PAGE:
New research suggests that massive planets like Saturn and Jupiter started out with just a few small building blocks – more accurately building rocks – just half an inch or so across.
In the spinning, swirling brew of the early solar system, surrounded by bits of dust and ice, small particles of rock melted down to form the early molten cores of these gas giants, according to research featured online Wednesday by the journal Nature. This contradicts previous research that suggested enormous chunks of rock, more than three city blocks long, were needed to form giant planets.
The process described by the research, dubbed “pebble-accretion,” celebrates the role of the little guy.
Early primordial planets sparred while in orbit, knocking and nudging each other using their gravitational fields, say the researchers. Some of the smaller protoplanets got bumped out of the plane of the dusty disk, leaving their bigger brethren to gobble up the remaining particles of matter and grow larger and larger.
“It’s kind of a runt of the litter thing,” lead author Harold Levison, a planetary scientist at the Southwest Research Institute in Boulder, Colo., told Nature. “The runt is pushed aside by its bigger siblings so that they grow, and it doesn’t.”
Earlier research suggested a less combative form of planetary formation, where particles combined to form large, town-sized celestial chunks which then fused together until they were big enough to hold their own gaseous cloak.
The problem? This process took too long to fit the timetable of the early solar system. Researchers looked at alternative theories, finally hitting on pebble-accretion, which could form large planets 1000 times faster than the other process.
"Some stories of planet formation are 'avoidable' – that is, there are alternative stories – but the pebble-accretion story is in some form or other likely to be important," David Stevenson, a planetary scientist at the California Institute of Technology in Pasadena, who was uninvolved in the study, told Space.com.
Pebble-accretion was first theorized in 2012, but that model had its own issues. When run through a simulator, the process created hundreds of Earth-sized objects in orbit, and no gas giants.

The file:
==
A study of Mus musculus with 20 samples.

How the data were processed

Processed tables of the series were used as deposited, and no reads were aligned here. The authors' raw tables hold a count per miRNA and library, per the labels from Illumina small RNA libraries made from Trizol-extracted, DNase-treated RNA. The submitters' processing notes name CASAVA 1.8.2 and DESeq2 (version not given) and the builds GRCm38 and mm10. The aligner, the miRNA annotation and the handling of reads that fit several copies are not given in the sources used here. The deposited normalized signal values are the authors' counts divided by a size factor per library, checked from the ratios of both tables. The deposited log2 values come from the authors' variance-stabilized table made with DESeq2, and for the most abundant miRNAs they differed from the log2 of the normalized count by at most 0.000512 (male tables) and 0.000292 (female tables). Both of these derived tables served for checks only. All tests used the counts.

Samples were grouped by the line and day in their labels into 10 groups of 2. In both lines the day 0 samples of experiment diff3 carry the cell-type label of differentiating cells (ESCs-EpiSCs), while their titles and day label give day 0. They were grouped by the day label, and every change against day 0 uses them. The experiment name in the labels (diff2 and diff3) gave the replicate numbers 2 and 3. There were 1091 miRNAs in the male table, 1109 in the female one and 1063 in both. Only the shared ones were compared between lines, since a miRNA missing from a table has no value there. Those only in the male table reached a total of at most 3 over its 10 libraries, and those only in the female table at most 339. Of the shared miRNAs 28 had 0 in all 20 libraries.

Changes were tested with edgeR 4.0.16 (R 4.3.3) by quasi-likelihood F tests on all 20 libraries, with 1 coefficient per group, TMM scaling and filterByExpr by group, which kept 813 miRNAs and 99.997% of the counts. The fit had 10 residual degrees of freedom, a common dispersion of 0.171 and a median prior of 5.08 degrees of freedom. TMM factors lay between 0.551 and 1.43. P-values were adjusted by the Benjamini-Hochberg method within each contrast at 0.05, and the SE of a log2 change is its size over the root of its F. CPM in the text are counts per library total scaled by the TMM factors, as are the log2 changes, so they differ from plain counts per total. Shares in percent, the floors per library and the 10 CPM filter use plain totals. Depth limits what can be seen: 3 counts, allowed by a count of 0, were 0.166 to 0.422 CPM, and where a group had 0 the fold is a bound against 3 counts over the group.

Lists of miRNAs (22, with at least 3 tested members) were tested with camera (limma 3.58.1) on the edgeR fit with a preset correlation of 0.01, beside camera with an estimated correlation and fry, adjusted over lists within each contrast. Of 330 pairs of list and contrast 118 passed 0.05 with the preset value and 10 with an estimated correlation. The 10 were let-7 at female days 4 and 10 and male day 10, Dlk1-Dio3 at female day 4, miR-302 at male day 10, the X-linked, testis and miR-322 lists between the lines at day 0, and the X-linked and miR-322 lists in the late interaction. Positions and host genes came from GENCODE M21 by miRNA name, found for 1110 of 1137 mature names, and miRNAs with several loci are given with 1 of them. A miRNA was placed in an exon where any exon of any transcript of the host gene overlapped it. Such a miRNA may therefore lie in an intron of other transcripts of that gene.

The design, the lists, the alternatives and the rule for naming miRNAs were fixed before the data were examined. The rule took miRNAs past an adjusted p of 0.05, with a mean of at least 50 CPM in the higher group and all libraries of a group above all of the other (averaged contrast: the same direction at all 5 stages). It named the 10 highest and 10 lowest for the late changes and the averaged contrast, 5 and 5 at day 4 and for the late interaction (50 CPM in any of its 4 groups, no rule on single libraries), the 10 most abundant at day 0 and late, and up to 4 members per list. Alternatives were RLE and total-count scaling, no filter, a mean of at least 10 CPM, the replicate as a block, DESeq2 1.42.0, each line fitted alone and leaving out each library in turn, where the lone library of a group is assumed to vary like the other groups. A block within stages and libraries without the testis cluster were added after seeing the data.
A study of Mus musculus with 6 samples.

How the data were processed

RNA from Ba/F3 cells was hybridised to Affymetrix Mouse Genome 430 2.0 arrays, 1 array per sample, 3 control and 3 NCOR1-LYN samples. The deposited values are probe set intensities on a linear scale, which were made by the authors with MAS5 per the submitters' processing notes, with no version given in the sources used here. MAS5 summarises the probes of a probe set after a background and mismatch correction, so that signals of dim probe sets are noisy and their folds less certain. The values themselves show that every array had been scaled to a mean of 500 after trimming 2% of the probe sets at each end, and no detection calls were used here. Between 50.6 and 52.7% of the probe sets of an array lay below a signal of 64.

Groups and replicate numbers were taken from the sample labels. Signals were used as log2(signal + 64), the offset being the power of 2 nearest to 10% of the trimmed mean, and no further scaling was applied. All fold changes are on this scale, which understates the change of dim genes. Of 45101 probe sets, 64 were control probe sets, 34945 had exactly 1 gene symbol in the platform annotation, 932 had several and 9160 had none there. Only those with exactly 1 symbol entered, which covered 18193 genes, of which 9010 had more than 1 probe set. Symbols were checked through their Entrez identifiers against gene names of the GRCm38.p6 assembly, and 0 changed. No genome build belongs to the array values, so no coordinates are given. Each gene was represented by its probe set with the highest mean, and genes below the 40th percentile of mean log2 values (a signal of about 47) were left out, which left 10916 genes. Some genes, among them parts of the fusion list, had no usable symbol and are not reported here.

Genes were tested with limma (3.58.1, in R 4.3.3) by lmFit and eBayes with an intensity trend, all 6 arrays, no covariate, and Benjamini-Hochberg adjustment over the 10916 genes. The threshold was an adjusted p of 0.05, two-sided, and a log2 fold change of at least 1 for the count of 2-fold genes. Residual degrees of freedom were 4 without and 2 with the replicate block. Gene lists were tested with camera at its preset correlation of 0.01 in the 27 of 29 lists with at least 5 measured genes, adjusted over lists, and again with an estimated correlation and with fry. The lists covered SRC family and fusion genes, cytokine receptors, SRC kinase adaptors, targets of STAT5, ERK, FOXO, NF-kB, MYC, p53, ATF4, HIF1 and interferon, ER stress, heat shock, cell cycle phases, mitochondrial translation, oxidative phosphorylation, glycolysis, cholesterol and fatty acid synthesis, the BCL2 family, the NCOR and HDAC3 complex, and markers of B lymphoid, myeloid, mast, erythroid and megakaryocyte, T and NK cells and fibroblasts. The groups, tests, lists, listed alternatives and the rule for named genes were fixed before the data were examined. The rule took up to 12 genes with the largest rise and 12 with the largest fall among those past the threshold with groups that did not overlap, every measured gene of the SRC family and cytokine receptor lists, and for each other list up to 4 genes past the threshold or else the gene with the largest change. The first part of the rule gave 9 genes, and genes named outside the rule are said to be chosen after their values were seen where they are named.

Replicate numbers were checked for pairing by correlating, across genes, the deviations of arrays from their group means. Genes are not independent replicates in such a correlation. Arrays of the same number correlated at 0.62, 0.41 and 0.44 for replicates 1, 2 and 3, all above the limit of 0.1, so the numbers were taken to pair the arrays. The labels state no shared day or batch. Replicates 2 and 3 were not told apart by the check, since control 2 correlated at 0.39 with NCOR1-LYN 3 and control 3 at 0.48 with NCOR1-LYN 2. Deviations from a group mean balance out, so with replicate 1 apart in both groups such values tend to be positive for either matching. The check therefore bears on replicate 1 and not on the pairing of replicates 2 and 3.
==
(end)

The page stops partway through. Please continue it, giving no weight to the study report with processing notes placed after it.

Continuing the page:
What Dr. Levison and his team did in their model was give more time for the planets to mature and act out in their adolescent years, a technique known to earthling parents since time immemorial.
“We’re doing simulations that actually allow the growing planetesimals to interact and collide with each other,” co-author Katherine Kretke, an astronomer at the Southwest Research Institute, told Nature.
Tweaking the starting conditions on their planetary recipe, the team generally cooked up between one and four giant gas-cloaked planets, similar to Jupiter, Saturn, Uranus, and Neptune.
The positions of the planets aligned nicely with the widely accepted Nice Model, which takes into account how gas giants interact with each other.
“Things are falling together in a way that haven’t happened for previous models,” said Dr. Kretke.
Moving forward, the researchers will use the pebble-accretion theory on other solar systems, to see whether they can explain the existence of those planetary arrangements. In addition, they will keep working to see whether the new theory explains how the terrestrial planets (including Earth) formed. The team is excited to push the limits of their new theory.
“It really is a paradigm shift for how planets form,” said Levison.